With its stunning and varied scenery, this area is a walker’s paradise. There is a collection of interesting and varied walks around lochs and hills, ranging in length from 3 to 30 miles. This area is unrivalled in the variety and scale it offers including delightful coastal routes as well as the famous ancient sandstone hills of Stac Pollaidh, Suilven and Ben More Coigach.
Three miles away on the cliffs at Reiff is some of the best rock climbing in Scotland. The cliffs are well known in climbing circles and many people come to this area for the challenge. The area offers an amazing array of steep sandstone sea cliffs, many of which are non-tidal. There are several different areas, with walk-ins ranging from 5 minutes to one hour.
There is a self catering cottage used by climbers & walkers in the north of Elphin village.
Trout & Salmon fishing
Elphin is a celebrated trout fishing location, surrounded by such famous lochs as Veyatie, Cam Loch, Urigill and Borralan. Loch Veyatie and Cam offer the opportunity to catch the elusive Ferrox and Artic Char whose population has survived intact since the last Ice Age. Some of the lochs, for example Cam Loch, Veyatie, Ailsh and Awe, are fished on the Assynt Angling Group permit. Further information (including handy maps) can be found here.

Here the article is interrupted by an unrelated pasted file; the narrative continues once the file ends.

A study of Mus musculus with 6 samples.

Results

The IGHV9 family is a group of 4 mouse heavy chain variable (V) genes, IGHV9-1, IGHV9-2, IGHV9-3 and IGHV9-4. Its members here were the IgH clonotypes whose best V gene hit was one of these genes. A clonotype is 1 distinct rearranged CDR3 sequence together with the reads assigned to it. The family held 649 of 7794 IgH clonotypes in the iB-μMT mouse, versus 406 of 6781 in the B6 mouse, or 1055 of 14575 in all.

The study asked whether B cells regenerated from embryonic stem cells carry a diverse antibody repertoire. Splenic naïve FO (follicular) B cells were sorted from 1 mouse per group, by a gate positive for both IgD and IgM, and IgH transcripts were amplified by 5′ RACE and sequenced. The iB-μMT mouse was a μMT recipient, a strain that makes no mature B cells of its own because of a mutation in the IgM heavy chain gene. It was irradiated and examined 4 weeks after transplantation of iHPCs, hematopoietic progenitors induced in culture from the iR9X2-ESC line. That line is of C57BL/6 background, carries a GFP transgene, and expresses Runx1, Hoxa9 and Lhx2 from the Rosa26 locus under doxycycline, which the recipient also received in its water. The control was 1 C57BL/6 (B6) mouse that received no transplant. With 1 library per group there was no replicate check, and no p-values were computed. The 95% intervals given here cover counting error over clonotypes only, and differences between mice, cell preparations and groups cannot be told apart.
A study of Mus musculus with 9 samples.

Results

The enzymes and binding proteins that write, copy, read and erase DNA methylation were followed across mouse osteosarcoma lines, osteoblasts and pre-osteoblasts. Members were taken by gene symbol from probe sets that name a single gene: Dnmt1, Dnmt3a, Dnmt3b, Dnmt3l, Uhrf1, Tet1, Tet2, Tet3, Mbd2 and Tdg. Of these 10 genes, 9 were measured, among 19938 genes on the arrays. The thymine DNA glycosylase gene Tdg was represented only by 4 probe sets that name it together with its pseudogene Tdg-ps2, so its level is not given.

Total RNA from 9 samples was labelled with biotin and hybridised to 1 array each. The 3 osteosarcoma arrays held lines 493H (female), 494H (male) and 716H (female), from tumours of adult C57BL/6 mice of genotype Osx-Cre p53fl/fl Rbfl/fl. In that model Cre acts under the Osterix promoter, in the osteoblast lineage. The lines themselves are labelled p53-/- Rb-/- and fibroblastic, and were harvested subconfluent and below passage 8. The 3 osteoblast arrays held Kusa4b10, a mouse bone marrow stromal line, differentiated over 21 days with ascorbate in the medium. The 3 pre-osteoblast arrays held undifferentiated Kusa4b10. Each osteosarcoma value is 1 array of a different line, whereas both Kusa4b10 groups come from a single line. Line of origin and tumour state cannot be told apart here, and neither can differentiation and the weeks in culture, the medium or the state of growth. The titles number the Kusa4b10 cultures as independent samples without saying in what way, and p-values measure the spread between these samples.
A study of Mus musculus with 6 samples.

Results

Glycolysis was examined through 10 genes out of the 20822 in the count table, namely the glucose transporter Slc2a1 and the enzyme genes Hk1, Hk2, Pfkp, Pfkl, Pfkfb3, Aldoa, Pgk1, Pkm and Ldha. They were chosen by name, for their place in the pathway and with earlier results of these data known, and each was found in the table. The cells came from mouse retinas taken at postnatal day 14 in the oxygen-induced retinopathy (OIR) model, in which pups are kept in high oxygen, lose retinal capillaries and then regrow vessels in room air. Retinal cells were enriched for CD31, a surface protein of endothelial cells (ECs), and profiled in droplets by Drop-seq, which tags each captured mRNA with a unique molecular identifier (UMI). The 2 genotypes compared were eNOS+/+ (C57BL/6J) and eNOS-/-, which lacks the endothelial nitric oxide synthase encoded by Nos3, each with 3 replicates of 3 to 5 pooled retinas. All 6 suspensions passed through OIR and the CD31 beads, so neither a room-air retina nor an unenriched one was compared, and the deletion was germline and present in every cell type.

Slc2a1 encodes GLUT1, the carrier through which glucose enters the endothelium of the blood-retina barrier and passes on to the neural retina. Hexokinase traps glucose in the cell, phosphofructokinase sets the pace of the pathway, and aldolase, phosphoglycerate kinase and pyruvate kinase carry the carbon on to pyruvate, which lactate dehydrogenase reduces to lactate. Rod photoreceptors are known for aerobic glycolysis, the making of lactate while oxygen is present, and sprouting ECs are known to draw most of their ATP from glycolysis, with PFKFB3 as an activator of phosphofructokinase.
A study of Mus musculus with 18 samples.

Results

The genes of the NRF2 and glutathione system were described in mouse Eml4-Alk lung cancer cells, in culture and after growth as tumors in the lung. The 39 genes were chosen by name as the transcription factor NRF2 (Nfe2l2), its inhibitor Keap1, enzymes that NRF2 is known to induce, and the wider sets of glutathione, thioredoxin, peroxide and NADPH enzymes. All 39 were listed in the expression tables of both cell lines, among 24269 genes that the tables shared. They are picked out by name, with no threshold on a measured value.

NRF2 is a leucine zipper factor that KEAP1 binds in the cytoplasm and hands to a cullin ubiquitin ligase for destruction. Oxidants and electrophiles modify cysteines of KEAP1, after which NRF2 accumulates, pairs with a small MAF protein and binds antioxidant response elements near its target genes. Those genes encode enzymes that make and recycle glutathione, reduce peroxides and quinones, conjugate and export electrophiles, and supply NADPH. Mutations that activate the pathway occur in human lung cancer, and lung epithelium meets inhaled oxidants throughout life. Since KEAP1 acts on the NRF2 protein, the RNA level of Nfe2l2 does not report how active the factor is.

Situated on limestone, the areas around Elphin (and north to Inchnadamph) are littered with caves. The Grampian Speleological Group has a club hut and caving centre, Taigh nam Famh, in Elphin. The Elphin Caving Centre is a popular venue as there are many caves in the area. The Centre has self catering accommodation for up to 20 people at very reasonable rates. More information can be found on the GSG website or here.
The May 2009 find of a Pleistocene bear skeleton in the Inchnadamph caves has revealed brown bears were still active in the region 23,600 years ago. This is the earliest brown bear remains ever discovered in Scotland. It was previously considered to be too cold for brown bears still to be in the area however now it appears they were trapped there by ice-covered mountains to their south.
There is also more recent archaeological evidence to see.